The IRS recently issued Prop. Regs. Sec. 301.7701(b)-7 concerning resident alien S shareholders who elect to be taxed as nonresidents under an income tax treaty. The proposed rules could adversely affect all shareholders of an S corporation with one or more dual resident shareholders.' The regulations are proposed to be effective for tax years of S corporations beginning after July 27, 1992. Further, they would have retroactive effect on electing shareholders for earlier tax years.

Under the proposed rules, if a resident alien shareholder of an S corporation elects to be taxed as a nonresident alien under a treaty "tiebreaker" provision, the corporation's status as an S corporation will terminate, unless --the nonresident alien shareholder agees to be taxed on the income earned through the S corporation, and--the S corporation agrees to withhold on amounts attributable to the nonresident alien shareholder.

Specifically, such shareholders would be required to either waive treaty benefits and file amended returns as U.S. residents or to take into account their share of the S corporation's income for such prior years as effectively connected income.

Most U.S. income tax treaties contain a "tiebreaker" provision that determines the country of residence of an individual who is a resident of both countries under their respective domestic laws. Under U.S. laws, a resident alien who claims to be a nonresident of the United States under a treaty tiebreaker provision is treated as a nonresident for computing his U.S. Federal income tax liability (Prop. Regs. Sec. 301.7701(b)-7(a)(4)(iii)). For all other purposes, however, the individual is treated as a U.S. resident (Prop. Regs. Sec. 301.7701(b)-7(a)(4)(ii)). For instance, the individual would be a U.S. shareholder for determining whether a foreign company is a controlled foreign corporation, which could subject U.S. shareholders to tax. The individual may also have to comply with certain U.S. shareholder reporting requirements, The existing regulations are silent on the treatment of dual resident S shareholders.

Using this rationale, a dual resident claiming nonresident status under a treaty should be considered to be a U.S. person for determining whether a company can qualify as an S corporation vis-avis other U.S. shareholders, although the individual is taxed as a nonresident. It is further arguable that a dual resident taxed as a nonresident under a treaty should be subject to tax on the S corporation's earnings under look-through principles (see Sec. 1366(b)). On the other hand, Sec. 1361(b) prohibits an S corporation from having nonresident alien shareholders. In addition, there is no applicable withholding provision that would specifically apply to require S corporations to withhold on amounts attributable to nonresident aliens.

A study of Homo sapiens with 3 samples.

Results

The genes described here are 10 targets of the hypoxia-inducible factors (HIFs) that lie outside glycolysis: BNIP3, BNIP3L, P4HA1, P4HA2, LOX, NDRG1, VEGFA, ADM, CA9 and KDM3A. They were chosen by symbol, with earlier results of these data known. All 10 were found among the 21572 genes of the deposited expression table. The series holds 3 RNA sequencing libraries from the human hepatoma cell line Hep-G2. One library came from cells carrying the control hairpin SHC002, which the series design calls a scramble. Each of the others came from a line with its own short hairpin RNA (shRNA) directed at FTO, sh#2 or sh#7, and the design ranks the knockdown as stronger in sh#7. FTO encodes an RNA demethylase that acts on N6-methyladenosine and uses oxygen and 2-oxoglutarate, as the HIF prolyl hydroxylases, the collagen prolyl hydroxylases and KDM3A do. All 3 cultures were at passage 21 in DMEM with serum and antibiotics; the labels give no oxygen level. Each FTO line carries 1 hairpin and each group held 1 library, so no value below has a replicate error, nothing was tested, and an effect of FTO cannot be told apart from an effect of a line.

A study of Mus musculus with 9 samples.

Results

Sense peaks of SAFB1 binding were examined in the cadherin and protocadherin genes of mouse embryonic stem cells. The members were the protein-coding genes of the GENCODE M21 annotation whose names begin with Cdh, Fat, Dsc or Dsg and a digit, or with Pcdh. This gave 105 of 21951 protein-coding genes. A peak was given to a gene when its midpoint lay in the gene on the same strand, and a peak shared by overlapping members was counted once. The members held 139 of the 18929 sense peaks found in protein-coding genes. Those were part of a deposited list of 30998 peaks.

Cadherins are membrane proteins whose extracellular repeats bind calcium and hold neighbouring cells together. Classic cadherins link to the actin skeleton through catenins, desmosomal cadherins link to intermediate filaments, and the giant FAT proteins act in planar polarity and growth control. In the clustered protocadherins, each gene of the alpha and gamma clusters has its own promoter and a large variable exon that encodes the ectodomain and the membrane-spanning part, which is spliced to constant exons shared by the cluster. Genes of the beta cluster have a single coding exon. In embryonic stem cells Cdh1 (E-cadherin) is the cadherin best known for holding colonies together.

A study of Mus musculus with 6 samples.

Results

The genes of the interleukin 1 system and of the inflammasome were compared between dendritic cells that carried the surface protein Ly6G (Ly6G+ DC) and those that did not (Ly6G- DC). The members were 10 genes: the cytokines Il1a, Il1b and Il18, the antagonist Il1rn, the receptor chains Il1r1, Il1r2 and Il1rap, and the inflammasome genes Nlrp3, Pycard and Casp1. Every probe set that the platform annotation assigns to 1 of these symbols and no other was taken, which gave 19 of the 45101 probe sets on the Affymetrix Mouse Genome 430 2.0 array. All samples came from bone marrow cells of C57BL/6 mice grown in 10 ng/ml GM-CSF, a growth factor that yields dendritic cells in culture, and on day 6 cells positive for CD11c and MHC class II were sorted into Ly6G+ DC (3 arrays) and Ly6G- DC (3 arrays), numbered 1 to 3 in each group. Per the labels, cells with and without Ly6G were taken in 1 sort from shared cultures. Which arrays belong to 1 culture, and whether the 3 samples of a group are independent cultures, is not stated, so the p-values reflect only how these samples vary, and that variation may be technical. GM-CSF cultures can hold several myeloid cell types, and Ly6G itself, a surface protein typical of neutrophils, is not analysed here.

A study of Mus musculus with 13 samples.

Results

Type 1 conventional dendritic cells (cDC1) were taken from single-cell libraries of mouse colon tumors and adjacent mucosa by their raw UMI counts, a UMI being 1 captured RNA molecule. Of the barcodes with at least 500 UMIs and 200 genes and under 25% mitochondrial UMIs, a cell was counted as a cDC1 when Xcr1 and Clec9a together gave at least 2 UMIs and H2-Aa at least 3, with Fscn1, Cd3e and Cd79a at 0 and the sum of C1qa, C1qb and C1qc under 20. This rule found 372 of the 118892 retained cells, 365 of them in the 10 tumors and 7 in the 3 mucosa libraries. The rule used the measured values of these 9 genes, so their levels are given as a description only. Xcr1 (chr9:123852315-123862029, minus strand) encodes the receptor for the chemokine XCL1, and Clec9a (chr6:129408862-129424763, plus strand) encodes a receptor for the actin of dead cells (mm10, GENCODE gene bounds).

Under Prop. Regs. Sec. 301.7701(b)-7(a)(4)(iiv), S shareholders who elect to be taxed as nonresidents must agree to be taxed as if they were engaged in the S corporation's trade or business through a permanent establishment. The character and source of the income included in the nonresident's income will be determined as if earned by the nonresident engaged in such activities directly. Further, the S corporation must agree to withhold quarterly on the nonresident's pro rata share of effectively connected income as if the S corporation were a foreign partnership subject to rules similar to those contained in Sec. 1446. The failure of either party to enter into this agreement will cause termination of the corporation's S election. As a result, the S corporation's income will be taxed at the corporate level and all the shareholders will be subject to tax on distributions.

The electing shareholder will also be taxed on the disposition of the S stock as if he had disposed of an interest in a partnership. Thus, if all the S corporation's income is attributable to a U.S. business, all the shareholder's gain will be effectively connected income under Rev. Rul. 91-32.

A resident alien who could use a treaty tiebreaker to claim nonresident status, but who does not claim this treaty benefit, is considered a U.S. person for purposes of Sec. 1361(b) and does not have to take any action.

These rules are proposed to be effective for S tax years beginning after July 27, 1992. They are also proposed to have retroactive effect on electing shareholders (but not S corporations) for S tax years beginning before this date. They would require a resident alien who claims or claimed to be a nonresident under a treaty for a prior year to either waive his treaty benefits and file an amended return as a U.S. resident or determine the pro rata share of S corporation items in a manner consistent with Sec. 1366 and take those amounts into income. Following the proposed rules will be considered to be taking such income into account in a manner consistent with Sec. 1366.

From Richard A. Gordon, Esq., and Diane L. Renfroe, Esq., Washington, D.C.
COPYRIGHT 1992 American Institute of CPA's
No portion of this article can be reproduced without the express written permission from the copyright holder.
Copyright 1992, Gale Group. All rights reserved. Gale Group is a Thomson Corporation Company.

Article Details
Publication:The Tax Adviser
Date:Nov 1, 1992
Previous Article:Avoiding excise tax on Keogh Plan reversions.
Next Article:Amending U.S. partnership and S corporation returns.